Skip to comments.Rats on cocaine love Miles Davis, and other dumb animal research paid for with tax dollars
Posted on 04/19/2012 6:52:44 PM PDT by grundle
Taxpayers may feel kind of blue when they discover their dollars went to fund a study to determine rats like to bop to the music of Miles Davis while hopped up on cocaine.
The study, which was performed at Albany Medical College, drew jeers from the animal rights group In Defense of Animals and landed it on its top ten list of Real Ridiculous Research.
The research found that sober rats dont really like music that much. After the silence, the rats liked Beethovens Fur Elise more than Miles Daviss iconic jazz tune Four.
But when the rats were given doses of cocaine, their tasted shifted and they gravitated toward the jazz.
The studies, which were funded by the National Institute on Drug Abuse, were aimed at analyzing the links between pharmacology and neurology in drug abuse.
These experiments... show that your tax dollars and animals lives are frivolously wasted on research that adds nothing to medical progress and tells us nothing we care to know or didn't know already, In Defense of Animals wrote in its introduction to the list.
Albany Medical College protested its spot on the list of ridiculous research.
The ultimate goal of this research is to find medications that can help diminish drug cravings in humans, Jeffrey R. Gordon, spokesman for the medical school, told The Pulse.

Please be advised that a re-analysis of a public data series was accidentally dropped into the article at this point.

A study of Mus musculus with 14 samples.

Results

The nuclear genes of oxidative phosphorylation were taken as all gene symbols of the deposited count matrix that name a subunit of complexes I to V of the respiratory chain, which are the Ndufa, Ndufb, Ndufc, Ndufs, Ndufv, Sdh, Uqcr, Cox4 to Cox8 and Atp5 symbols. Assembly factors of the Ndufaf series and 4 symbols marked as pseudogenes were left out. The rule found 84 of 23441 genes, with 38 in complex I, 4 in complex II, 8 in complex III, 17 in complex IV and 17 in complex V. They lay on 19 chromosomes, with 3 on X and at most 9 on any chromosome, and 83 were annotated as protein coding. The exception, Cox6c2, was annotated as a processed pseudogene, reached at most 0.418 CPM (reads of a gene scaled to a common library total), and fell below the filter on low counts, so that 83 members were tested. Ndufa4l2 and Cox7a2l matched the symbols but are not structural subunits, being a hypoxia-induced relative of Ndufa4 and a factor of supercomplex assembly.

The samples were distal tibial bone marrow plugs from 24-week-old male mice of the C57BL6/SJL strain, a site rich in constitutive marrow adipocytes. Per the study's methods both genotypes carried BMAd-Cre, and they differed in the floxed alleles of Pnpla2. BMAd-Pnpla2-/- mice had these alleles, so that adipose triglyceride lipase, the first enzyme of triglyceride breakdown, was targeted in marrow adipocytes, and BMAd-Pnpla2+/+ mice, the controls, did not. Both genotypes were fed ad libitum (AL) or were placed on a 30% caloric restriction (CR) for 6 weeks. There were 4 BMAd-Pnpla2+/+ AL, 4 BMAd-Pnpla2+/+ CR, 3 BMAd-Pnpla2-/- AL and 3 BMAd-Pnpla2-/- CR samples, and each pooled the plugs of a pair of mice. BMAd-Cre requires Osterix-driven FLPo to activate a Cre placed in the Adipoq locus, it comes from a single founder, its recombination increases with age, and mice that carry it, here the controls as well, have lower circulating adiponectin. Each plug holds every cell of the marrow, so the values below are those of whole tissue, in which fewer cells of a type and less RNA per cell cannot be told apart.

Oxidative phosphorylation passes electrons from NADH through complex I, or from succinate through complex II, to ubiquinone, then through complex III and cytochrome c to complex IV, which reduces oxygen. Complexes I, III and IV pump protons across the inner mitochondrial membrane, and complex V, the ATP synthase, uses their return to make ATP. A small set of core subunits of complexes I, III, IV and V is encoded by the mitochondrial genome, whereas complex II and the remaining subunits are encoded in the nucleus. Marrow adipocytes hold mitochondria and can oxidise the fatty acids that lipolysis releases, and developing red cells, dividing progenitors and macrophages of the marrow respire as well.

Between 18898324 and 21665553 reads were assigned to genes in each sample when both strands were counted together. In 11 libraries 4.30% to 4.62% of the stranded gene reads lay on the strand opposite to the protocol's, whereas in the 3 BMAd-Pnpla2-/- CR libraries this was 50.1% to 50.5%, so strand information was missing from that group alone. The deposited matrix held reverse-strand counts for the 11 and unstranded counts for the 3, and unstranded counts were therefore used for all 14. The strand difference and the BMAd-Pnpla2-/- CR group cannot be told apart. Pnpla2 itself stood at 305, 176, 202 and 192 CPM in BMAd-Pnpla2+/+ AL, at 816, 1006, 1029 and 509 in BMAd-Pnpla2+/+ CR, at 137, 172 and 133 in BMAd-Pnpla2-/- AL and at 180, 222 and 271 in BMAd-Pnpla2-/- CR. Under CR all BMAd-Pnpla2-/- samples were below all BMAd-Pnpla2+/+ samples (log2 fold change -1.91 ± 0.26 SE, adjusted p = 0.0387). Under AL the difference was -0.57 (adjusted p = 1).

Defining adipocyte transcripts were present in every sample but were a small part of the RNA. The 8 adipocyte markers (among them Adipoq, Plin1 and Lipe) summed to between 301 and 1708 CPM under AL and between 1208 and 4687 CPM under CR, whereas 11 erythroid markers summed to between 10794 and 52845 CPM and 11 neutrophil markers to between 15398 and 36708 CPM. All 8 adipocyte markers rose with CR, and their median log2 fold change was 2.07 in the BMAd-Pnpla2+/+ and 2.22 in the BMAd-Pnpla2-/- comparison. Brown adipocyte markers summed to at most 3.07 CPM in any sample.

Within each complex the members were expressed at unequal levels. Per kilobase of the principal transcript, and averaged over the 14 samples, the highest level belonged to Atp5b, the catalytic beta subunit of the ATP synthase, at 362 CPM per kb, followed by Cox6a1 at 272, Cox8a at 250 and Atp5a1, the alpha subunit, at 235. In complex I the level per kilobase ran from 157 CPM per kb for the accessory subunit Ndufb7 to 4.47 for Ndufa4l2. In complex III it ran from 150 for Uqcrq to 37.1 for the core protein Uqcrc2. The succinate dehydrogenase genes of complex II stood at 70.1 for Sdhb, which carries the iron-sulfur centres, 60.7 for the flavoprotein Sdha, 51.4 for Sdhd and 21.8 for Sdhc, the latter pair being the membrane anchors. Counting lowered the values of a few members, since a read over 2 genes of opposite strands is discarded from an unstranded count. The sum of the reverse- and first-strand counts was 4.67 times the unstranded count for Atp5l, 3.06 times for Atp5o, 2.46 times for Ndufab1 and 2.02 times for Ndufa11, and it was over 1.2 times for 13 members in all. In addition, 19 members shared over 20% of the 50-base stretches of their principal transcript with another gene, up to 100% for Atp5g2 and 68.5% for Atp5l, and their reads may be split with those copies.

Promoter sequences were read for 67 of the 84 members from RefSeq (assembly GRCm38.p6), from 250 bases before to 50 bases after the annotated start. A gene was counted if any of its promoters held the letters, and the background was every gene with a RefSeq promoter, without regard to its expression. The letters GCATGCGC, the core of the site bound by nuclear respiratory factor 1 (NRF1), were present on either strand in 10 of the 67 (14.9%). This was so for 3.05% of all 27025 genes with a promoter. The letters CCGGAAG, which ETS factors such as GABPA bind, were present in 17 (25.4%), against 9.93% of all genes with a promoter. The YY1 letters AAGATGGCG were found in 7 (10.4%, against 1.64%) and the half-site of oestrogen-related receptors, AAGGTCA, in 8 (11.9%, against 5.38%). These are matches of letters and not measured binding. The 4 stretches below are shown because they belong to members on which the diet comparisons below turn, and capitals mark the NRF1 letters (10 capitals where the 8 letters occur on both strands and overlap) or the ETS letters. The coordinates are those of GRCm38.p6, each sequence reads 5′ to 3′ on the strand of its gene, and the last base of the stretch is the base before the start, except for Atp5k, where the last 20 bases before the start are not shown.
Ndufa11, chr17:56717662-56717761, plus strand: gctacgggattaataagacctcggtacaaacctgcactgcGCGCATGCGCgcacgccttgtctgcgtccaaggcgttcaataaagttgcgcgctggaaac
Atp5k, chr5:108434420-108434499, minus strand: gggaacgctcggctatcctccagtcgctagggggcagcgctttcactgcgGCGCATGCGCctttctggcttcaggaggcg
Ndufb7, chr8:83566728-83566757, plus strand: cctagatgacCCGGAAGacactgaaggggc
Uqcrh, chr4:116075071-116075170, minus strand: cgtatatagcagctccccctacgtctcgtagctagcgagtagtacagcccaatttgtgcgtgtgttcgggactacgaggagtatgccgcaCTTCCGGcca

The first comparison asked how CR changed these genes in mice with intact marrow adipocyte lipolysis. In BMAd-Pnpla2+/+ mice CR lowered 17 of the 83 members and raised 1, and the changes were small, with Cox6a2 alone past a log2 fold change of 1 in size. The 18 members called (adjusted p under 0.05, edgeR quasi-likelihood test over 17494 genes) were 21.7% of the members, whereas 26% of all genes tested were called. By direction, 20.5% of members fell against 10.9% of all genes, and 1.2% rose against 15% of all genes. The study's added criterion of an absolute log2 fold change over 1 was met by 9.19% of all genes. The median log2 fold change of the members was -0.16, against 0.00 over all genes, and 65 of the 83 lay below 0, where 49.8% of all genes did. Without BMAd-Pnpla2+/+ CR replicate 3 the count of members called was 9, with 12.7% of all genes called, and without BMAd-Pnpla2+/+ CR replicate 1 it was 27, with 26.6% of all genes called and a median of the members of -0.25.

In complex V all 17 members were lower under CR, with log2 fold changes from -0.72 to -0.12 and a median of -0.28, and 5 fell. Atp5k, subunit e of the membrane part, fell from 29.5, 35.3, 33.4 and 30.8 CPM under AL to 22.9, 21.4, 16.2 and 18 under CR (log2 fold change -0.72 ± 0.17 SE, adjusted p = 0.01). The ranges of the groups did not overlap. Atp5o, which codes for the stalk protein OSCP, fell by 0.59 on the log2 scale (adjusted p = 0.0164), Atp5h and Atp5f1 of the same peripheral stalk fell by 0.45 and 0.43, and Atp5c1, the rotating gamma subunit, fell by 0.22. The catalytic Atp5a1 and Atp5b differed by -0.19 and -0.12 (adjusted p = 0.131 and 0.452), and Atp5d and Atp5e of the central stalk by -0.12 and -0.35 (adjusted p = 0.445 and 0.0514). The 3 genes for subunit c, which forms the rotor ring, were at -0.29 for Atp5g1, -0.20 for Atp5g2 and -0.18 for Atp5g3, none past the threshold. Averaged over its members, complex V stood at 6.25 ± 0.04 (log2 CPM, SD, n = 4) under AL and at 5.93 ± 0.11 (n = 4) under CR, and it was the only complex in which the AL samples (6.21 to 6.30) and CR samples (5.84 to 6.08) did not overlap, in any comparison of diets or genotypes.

The group, which only focused its ire on National Institutes of Health experiments that involved research on animals, had issues with a few other studies, including one about the sex habits of hamsters.
Lehigh and University of Minnesota researchers found that putting hamsters on a diet didnt increase their appetite for the opposite sex.
The animal rights group dubbed the study another example of wasteful tax dollars spending and white-coated welfare.
A Lehigh University spokesperson begged to differ.
"This study is part of a line of research that seeks better understanding of behaviors essential to survival, including seeking food and reproduction, university spokesman Jordan Reese told Lehighvalleylive.com. How the brain regulates these behaviors is relevant, for example, to understanding the effects of commonly prescribed drugs, including those used to treat attention deficit and hyperactivity disorder and related drugs used to control appetite.
Other studies that made the groups list included the effect of lemon scent on monkey erections, contagious yawning in chimpanzees and the role of single mothers in the prairie vole community.
They're pi$$ed because *they* weren't the ones getting the coke.